Australia’s relationship with China has yielded significant political, economic and cultural gains since diplomatic relations were formalised in 1972. Taking this exchange to the next level is the considered aim of Australian and Chinese participants attending today’s (September 25-26) Second Track Dialogue at Peking University.
“The relationship between the two countries today is characterised by a desire on both sides to inject greater depth into exchanges of information and knowledge,” Professor Andrew O’Neil, Director of the Griffith Asia Institute, said. “Greater dialogue is required to ensure that major opportunities for cooperation are exploited and that potential areas of misunderstanding are minimised.”
Professor O’Neil (right) will chair the Second Track Dialogue which brings together former and serving senior policy practitioners, as well as leading academics from Griffith University and Peking University. “This event is particularly timely as the world prepares for a new era of leadership to start in China this year,” he said.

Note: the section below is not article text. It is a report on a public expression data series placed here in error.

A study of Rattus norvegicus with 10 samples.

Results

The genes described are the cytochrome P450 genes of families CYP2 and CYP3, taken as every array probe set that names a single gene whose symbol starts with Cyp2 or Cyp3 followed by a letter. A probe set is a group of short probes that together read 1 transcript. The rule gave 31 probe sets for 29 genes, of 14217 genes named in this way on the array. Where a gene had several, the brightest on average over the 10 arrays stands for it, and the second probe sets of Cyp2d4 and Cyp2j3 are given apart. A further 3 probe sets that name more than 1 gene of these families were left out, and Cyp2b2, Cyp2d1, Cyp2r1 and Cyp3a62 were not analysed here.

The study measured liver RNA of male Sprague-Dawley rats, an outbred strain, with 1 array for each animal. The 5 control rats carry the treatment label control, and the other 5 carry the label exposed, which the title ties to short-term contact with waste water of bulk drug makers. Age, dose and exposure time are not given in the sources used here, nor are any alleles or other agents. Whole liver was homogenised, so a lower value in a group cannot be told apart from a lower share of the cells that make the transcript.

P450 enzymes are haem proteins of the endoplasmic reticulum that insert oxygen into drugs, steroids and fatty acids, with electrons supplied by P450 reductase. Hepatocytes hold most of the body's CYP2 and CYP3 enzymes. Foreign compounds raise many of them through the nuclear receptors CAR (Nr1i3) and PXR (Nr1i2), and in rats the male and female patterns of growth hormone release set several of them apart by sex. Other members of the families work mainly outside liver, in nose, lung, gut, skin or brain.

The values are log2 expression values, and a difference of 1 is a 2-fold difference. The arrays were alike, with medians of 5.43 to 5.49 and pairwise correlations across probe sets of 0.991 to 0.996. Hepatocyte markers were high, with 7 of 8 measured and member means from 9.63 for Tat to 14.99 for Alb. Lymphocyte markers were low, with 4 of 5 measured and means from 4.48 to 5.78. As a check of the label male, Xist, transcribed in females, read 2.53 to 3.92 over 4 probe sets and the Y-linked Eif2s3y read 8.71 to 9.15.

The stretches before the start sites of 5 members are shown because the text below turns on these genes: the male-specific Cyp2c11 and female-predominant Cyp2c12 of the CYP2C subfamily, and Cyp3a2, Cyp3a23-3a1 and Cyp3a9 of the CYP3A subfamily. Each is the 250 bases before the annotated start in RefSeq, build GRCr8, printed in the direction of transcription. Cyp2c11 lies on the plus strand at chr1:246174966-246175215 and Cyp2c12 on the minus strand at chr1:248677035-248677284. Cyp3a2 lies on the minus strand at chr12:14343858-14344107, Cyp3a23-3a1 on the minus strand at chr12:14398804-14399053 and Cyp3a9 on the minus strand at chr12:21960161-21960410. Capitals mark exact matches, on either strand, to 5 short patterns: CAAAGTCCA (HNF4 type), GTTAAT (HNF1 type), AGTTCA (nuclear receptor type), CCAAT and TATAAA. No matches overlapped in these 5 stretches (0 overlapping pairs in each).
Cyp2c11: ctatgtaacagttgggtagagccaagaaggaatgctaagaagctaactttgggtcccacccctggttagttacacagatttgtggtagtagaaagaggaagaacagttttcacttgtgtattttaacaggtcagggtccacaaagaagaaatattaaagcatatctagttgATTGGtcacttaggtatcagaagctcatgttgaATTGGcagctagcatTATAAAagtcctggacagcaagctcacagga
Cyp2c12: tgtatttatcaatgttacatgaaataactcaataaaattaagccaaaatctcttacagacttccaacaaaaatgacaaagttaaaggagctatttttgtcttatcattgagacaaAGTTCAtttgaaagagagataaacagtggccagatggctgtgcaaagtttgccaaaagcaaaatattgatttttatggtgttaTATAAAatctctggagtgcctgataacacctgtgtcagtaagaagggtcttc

The high-level dialogue is also supported by the Queensland Government and the Commonwealth Government through the Australia-China Council of the Department of Foreign Affairs and Trade.
Four plenary sessions will be dedicated separately to examining avenues for cooperation in higher education, promoting economic relations, exploring science partnerships, and exchanging knowledge and experience of disaster management.
“Delegates will explore how increased cooperation across these key policy spheres can further enhance the depth and breadth of the Sino-Australian relationship,” Professor O’Neil said.
President of Peking University, Professor Zhou Qifeng, described the Dialogue as a major historic opportunity and said the international arena is undergoing profound adjustments and change.
“The prosperity of the Asia-Pacific region, mostly marked by the rise of China, is heralding a new pattern around the world,” he said. “Australia is planning its White Paper on Australia in the Asian Century, trying to guide Australian society to pick up on the emerging opportunities in Asia.”
The core theme of the Dialogue is ‘The Australia-China Relationship at Forty: Building a Pathway to the Future’. Delegates will be looking towards 2020 and the types of initiatives that will help strengthen the Sino-Australian relationship over the next eight years.
Griffith University Vice Chancellor, Professor Ian O’Connor, said the Second Track Dialogue initiative reflects Griffith’s recognition of the importance of Asia to Australia’s future and Griffith’s deep commitment to the study of Asia.
Her Excellency Ms Frances Adamson, Australia’s Ambassador to China, opened the Second Track Dialogue with the Australia-China Futures Dialogues Annual Leader’s Lecture last night (Monday), September 24.
For further information on the Dialogues, click here.